Woods backs off, leaving a trail of questions

Woods backs off, leaving a trail of questions

Struggling with injuries, the American golf great is finding it increasingly difficult to make a mark in tournaments.

Tiger Woods' decision to rule himself out of contention for next month's Ryder Cup was a wise one given his struggles since undergoing back surgery in March, but it also raises fresh concerns over the former world number one's playing future.

Questions will undoubtedly be raised as to whether he decided to return to competition too soon after having a procedure to treat a pinched nerve in his lower back. Though he says he has always recovered quickly from surgeries, he looked tournament rusty and a shadow of his former self in his last four PGA Tour appearances, twice missing the cut and once withdrawing midway through the final round.

At the age of 38, Woods is perhaps also paying the price of long hours spent on the range and in the gym, where he has always pushed himself punishingly hard. The 14-times major winner has had four knee surgeries over the years, along with a string of other injuries, and undergone several swing changes in an attempt to limit the more severe effects of the golf swing on his body.

He famously won the most recent of his major titles in a playoff for the 2008 US Open at Torrey Pines where he defied doctors' orders to compete after suffering a double stress fracture in his left shinbone two weeks before the tournament.

Yet former PGA Championship winner Paul Azinger believes Woods' problems this year are not purely physical, and that perhaps he has spent too much time on yet another overhaul of his swing. "He has gone from the artist to the engineer," Azinger said during last week's PGA Championship while commentating as a television analyst for Golf Channel.

"It is difficult to watch a Vincent Van Gogh paint by numbers. We want to see Tiger come back and get all of this stuff out of his head. The golf swing takes a second and a half. What is running through his head in a second and a half that has caused him to lose face and path awareness?

"Something is happening in the strongest and greatest mind that golf has ever known that is different, and he has got to fix it. It is not just physical." Woods missed the cut at last week's PGA Championship, only the fourth time he has done so as a professional in the majors, having pronounced himself fit to compete on the eve of the tournament. He suffered a different back scare during the previous week's Bridgestone Invitational, but said that was resolved after his physiotherapist popped back his sacrum (a bone at the base of the spine), which had loosened after he landed awkwardly in a bunker.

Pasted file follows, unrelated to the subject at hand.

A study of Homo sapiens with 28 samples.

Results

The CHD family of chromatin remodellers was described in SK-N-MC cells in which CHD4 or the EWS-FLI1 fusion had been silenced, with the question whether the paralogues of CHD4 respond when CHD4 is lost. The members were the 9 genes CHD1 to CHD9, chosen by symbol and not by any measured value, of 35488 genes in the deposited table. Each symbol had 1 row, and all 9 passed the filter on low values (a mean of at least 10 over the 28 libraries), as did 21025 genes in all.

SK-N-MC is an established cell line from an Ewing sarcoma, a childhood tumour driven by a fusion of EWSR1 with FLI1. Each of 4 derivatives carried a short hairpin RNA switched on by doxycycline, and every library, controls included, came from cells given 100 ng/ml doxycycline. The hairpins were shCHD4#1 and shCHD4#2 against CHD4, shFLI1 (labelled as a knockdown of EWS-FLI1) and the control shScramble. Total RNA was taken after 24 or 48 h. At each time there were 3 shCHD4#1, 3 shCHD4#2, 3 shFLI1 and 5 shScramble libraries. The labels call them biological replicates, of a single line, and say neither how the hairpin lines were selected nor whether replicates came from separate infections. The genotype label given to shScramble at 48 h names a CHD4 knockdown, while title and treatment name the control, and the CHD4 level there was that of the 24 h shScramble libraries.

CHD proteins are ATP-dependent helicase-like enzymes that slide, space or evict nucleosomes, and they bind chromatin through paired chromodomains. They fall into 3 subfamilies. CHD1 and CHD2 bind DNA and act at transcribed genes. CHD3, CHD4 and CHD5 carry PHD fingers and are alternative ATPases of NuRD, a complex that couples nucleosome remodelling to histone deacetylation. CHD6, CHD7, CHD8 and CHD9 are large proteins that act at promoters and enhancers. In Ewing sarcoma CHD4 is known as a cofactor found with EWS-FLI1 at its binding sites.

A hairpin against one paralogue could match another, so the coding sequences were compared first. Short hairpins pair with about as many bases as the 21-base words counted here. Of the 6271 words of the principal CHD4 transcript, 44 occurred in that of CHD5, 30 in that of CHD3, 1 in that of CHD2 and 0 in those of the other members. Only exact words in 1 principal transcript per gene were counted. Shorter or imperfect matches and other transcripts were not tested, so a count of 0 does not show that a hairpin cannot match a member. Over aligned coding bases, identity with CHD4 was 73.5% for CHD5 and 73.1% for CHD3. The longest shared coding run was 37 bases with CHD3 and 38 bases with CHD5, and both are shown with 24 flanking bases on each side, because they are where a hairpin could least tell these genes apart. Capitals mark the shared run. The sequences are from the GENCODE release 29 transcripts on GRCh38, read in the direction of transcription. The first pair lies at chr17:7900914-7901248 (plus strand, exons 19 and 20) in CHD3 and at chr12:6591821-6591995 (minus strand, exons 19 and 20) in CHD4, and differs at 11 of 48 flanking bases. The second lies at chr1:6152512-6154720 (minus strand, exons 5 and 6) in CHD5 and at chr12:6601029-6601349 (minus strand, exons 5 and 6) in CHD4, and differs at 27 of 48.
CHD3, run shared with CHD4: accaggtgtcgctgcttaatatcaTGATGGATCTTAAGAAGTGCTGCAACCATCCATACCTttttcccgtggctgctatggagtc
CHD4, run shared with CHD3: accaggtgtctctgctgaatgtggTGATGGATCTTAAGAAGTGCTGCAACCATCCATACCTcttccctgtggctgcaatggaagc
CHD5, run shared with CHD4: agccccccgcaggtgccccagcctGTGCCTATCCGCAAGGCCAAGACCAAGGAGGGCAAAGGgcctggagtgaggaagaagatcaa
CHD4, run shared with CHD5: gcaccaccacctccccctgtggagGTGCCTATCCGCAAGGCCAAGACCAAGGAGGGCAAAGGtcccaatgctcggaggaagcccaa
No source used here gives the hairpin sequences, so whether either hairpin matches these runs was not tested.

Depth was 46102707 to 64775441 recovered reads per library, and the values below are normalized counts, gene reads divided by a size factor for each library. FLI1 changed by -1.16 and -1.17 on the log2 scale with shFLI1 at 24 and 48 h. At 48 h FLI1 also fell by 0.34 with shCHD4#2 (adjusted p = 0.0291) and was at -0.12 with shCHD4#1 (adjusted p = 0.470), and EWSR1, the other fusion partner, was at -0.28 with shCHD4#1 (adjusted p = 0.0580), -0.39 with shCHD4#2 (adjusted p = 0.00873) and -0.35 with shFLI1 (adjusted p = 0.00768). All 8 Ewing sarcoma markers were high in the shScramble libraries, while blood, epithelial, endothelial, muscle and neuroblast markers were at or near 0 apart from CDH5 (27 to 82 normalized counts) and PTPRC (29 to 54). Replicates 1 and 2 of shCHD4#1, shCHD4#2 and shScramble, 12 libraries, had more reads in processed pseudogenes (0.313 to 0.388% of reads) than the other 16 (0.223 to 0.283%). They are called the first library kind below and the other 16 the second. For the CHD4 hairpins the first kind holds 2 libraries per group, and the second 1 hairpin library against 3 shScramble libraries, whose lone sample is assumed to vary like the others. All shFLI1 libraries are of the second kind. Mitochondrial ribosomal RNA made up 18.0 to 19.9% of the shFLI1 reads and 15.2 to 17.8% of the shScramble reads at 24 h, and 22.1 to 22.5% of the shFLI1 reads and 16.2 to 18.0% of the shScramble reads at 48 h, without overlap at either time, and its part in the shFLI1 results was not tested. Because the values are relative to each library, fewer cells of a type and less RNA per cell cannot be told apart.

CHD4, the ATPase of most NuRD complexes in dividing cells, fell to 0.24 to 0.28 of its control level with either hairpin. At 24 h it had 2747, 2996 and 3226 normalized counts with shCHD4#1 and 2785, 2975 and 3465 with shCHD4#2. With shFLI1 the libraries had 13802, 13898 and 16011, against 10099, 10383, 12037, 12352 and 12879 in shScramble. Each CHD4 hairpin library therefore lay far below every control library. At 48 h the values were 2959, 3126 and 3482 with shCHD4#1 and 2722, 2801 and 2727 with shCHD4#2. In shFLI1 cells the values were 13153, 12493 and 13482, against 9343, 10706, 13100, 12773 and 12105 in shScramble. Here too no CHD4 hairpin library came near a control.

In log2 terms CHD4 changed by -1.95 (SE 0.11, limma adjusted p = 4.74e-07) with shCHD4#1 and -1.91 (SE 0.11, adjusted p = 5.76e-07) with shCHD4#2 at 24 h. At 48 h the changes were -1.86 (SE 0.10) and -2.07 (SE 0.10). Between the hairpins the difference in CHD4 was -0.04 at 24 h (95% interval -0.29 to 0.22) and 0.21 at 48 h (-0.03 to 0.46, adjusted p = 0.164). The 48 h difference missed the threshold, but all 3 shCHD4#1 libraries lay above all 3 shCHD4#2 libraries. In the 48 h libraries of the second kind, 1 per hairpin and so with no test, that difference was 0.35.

However, a similar problem occurred before Woods teed off in the PGA Championship second round, forcing him to restrict his backswing and rely on timing, a combination that left him a distant 15 strokes off the lead by the time he finished.

Butch Harmon, who previously worked as a swing coach for Woods, said he should have quit in that second round. "I was surprised he played the back nine. He looked really sore on the front nine; he looked like he was in a lot of pain," Harmon said during a Sky Sports telecast.

"I think Tiger wanted to show, 'I came here to play, I'm going to finish my round'. I hope he goes home and gets healthy." Though Woods ruled himself out of contention for a wild-card spot on the US Ryder Cup team, Azinger had previously said he would not have selected the former world number one had he been captain this year."I don't see how you can take an injured player who is not playing well who has a two-way miss," said Azinger, whoskippered the Americans to their most recent Cup victory over Europe, in 2008.

"Those are the two biggest concerns — injured and a two-way miss. Tiger also has not been the formula for success either. With all due respect to one of the greatest players of all time, I would say you have to pass him up this year."

Woods plans to return to competitive golf for the December 4-7 World Challenge tournament which he hosts, to be played this year in Orlando, Florida. That gives him almost four months to get his back muscles rehabilitated and healed, on the advice of his doctors, and then ease his way back into practice. Only time will tell if following doctor's orders to the letter will help Woods get back to the sort of form which has earned him 79 career victories on the PGA Tour. He will celebrate his 39th birthday in late December, so perhaps has no more than five or six years left in his prime as a golfer.